Our search for the Top Twenty Software People in the World continues

Related Links:
  • Wanted: 19 More of the Top Software People in the World

    When I asked in a previous editorial who the Top Twenty Software People in the World were, I knew there would be a widely divergent response from readers. As promised, here's a preliminary update on the identity of some of your nominees.

    The exercise was promoted, if you recall, by XML pioneer Tim Bray, who nominated as a "Top Twenty" candidate Adam Bosworth, famous for Quattro Pro, Microsoft Access, and Internet Explorer 4 even before he went on to become BEA's chief architect before recently leaving the Java app server company to join Google, Inc.

    Readers very soon nominated another Google staffer (since 2002), namely Rob Pike, an early developer of Unix and the windowing system (GUI) technology, and a long-serving member of the Unix team at Bell Labs before he joined Google.

    Pike joined Bell Labs in 1980, the same year he won the Olympic silver medal in archery. Since he received several nominations, there is clearly something deeply appealing about a world-class archer going on the following year to hit the bull's eye by writing the first bitmap window system for Unix systems (since then he has written 10 more).

    Pike became well known for his appearances on "Late Night with David Letterman," which ranks him, profile-wise, right up there with Linus Torvalds, another nominee (no surprise there).

    Hero of the open source movement, geek made good, thorn in Bill Gates' side, Torvalds, it has been said, "embodies the idea that there is always another way, an antidote to the Microsofts of this world, evidence that the idea of the 'community' within IT is still there." As one wit expressed it, "If it wasn't for the presence of Lara Croft and Xena Warrior Princess, techies around the world would have posters of Linus on their walls."

    Anders Hejlsberg, another nominee originally from Scandinavia, is the Danish-born genius associated with Turbo Pascal, Delphi, C#, and the Microsoft .NET Framework. Hejlsberg is one of the industry's most charming and modest high achievers - a "serial success" and a worthy nominee.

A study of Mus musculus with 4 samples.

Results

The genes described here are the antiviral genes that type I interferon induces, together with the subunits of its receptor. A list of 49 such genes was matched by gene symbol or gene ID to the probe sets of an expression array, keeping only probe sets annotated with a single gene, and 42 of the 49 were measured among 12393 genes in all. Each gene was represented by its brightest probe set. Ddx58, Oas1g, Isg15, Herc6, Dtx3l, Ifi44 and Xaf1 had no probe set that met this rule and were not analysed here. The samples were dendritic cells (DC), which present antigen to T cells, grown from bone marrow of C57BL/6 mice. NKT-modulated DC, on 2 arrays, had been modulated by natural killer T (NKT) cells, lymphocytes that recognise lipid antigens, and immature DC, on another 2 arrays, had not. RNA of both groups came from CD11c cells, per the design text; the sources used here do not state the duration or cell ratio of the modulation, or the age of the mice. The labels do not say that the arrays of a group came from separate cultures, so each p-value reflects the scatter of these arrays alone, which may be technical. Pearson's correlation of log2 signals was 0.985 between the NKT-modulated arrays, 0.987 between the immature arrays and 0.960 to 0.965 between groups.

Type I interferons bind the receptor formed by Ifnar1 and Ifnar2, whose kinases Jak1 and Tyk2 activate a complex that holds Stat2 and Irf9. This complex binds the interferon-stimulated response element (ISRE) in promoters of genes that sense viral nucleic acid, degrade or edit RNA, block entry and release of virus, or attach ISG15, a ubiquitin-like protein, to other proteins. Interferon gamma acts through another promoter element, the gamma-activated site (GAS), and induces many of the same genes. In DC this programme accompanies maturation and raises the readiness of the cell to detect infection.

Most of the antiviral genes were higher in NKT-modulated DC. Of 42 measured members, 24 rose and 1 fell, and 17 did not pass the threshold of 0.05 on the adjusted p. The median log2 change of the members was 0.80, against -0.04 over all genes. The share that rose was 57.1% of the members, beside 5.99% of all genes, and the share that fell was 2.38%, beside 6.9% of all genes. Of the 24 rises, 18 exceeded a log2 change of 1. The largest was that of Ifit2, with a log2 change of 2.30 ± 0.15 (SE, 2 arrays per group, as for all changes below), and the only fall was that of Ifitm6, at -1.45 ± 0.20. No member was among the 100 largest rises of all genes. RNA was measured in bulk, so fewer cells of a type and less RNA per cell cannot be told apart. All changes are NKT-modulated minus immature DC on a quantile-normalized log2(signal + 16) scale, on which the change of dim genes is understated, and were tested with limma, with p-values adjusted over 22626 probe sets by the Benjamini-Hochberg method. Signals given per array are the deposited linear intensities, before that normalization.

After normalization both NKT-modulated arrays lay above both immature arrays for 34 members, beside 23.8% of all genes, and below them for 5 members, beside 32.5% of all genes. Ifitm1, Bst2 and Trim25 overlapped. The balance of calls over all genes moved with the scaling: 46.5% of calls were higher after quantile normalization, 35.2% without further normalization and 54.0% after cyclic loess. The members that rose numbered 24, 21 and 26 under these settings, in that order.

Arthur van Hoff, the programming legend who now works at TiVo, was another early nominee. One of the Java geniuses at Sun (he is said to have almost as many patents as Bill Joy), in 2002 van Hoff started Strangeberry, which TiVo bought in January of this year with the aim of ensuring that next-generation TiVos will be able to recognize Web content and direct it to the appropriate home device.

    Sam Ruby, nominated for being "probably the most widely read blogger on the planet," is a 21-year veteran of IBM who has been hailed as a "Web services visionary." Ruby is a member of the board of directors and vice president of the Apache Software Foundation; a developer on the Apache SOAP project; chairman of the Jakarta project; and a member of the PHP group, a select group of developers who contribute to core PHP.

    Some of the most interesting nominations thus far have been of the "unsung heroes" of i-technology - or the less-sung ones, if you will. Take for example one of the three creators of XP, Kent Beck. Author of the first book on the topic, Extreme Programming Explained, published in 1999, Beck was nominated by a reader: "For (arguably) pioneering, and certainly ruthlessly promoting, the notion that change (specifically, to requirements of commercial software) must be embraced (actively designed for), not avoided, and that trying to design everything once and for all up-front is an exercise in futility."

    There are those who believe excellence is not a skill but an attitude. Still others say that excellence is in the details. Whatever the truth, and it's most likely a mix of both, the search will go on. So far no fewer than 40 individuals have been identified by readers as possible candidates for the top 20 positions. Feel free to keep nominating; by the end of the year we shall be able to draw up the definitive list of whom readers consider to be The Top Twenty Software People in the World. The address for nominations, again, is toptwenty@sys-con.com.

    Related Links:

  • Wanted: 19 More of the Top Software People in the World

  • More Stories By Jeremy Geelan

    Jeremy Geelan is Chairman & CEO of the 21st Century Internet Group, Inc. and an Executive Academy Member of the International Academy of Digital Arts & Sciences. Formerly he was President & COO at Cloud Expo, Inc. and Conference Chair of the worldwide Cloud Expo series. He appears regularly at conferences and trade shows, speaking to technology audiences across six continents. You can follow him on twitter: @jg21.

    KnoppixLover 11/08/04 07:01:51 AM EST

    Has anyone nominated Karl Knopper yet - "Mr Knoppix"?